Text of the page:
Practical Sustainability: From Conventional to Load-bearing Strawbale
There are those of us that live on the extremes of the building spectrum. Conventional building is a mess of pink fiberglass insulation and paints filled with chemicals. Off-grid load-bearing strawbale construction is highly sustainable, but not a lifestyle option for many. So, how do we move more people into using natural, reused, and recycled materials?
I have spent my career injecting sustainable elements into conventional design and construction. I have re-built a home from 1898. I have constructed an off-grid conventionally built home with sustainable elements. I have built a container house that was partially off-grid. And I have built an off-grid load-bearing strawbale home.
In this talk, I’ll share with you the lessons I’ve learned about how to improve the sustainability of your design and construction so that you can find the right place for you (or your clients) on the spectrum between the two extremes.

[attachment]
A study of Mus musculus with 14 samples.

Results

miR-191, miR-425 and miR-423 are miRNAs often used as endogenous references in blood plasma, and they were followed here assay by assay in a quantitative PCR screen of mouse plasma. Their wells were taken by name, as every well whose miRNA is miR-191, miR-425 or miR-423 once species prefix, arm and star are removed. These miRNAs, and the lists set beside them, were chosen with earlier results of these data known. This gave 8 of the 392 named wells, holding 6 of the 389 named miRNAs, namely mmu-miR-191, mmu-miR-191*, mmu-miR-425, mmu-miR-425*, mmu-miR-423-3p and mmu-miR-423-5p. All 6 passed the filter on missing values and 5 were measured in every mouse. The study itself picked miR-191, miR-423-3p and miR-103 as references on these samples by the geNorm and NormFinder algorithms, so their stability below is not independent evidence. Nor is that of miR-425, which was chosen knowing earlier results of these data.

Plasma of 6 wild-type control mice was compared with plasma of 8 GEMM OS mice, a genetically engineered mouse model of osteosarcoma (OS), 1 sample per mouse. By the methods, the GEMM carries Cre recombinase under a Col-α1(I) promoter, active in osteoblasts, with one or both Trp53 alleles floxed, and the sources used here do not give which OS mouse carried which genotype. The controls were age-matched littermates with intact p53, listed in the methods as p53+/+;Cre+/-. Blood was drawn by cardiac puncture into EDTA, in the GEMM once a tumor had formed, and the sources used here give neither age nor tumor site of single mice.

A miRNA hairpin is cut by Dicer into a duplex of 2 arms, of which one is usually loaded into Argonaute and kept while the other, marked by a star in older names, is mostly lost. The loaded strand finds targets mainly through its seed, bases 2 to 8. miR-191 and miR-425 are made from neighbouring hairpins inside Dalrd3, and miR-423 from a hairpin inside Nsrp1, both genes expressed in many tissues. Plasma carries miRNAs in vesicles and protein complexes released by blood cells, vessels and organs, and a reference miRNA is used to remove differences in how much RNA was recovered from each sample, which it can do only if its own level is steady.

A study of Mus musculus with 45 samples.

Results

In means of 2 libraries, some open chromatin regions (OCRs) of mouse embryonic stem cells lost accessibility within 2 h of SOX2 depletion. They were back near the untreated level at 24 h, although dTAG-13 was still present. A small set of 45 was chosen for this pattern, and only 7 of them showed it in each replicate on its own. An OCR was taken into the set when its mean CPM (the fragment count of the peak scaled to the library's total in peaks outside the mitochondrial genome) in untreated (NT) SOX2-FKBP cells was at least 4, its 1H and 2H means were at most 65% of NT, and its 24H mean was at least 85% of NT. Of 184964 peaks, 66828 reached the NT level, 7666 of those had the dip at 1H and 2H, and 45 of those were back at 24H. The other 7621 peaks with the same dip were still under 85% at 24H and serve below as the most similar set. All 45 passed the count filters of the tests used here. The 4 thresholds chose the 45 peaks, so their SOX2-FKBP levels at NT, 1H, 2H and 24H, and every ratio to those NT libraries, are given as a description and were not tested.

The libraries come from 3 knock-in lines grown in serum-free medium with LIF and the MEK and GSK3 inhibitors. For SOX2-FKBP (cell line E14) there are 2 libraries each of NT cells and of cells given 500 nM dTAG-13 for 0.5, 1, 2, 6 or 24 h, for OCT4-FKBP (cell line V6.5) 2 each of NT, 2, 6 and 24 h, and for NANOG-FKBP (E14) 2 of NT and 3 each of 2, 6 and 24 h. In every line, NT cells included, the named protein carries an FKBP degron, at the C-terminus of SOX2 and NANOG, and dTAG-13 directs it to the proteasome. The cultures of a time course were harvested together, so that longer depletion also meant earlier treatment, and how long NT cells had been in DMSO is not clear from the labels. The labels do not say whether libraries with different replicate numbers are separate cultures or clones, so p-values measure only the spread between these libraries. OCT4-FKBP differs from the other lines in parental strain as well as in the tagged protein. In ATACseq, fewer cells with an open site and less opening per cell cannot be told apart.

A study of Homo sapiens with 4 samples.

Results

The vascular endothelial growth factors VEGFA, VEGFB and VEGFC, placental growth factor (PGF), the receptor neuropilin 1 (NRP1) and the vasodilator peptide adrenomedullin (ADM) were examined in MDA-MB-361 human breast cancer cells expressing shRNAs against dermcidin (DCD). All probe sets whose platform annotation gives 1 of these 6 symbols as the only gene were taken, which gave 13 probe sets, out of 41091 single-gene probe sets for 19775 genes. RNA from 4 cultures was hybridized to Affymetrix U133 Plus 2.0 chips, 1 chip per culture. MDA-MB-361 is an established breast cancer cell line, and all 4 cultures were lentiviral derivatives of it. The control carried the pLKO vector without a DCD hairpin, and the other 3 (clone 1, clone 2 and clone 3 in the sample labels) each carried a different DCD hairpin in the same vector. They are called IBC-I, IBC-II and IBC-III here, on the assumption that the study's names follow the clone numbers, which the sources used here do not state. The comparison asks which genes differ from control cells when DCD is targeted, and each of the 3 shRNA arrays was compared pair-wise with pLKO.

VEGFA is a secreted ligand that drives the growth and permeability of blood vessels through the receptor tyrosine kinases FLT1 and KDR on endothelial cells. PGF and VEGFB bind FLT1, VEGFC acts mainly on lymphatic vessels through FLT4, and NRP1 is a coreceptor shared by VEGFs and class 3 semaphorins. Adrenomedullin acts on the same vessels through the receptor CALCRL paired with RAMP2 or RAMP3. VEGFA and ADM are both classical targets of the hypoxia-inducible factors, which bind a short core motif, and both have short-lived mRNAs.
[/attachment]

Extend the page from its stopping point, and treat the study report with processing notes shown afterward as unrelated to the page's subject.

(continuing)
All Hands In requires ALL HANDS IN – not just people who want to come to conferences like this one. If we’re going to make a change for the planet and our health, we need to figure out how to incorporate sustainability into mainstream design and construction.
Jared 'Cappie' Capp
Owner of Pangea Design Group and Black Hills Homestead, star of Building Off the Grid: Spearfish Canyon (as seen on Discovery Channel).
I have been an active builder, designer, artist, and metalworker most of my adult life. Born and raised in Spearfish, SD, upon graduation I enlisted in the US Air Force, which took me around the world as a C-130 Loadmaster. The broad range of design and construction techniques seen in my travels over the years, specifically with natural, local, and recycled materials, has influenced me a great deal.
I currently work with clients on design/build projects that range from treehouses to commercial properties. My goals in the building community include: to increase the quality of life for my clients and the following generations that live in the space; to legitimize local, natural, and recycled materials and building practices as a viable alternative in the eyes of clients, architects, engineers, professional builders, and code officials; reduce or eliminate ongoing costs for utilities and maintenance.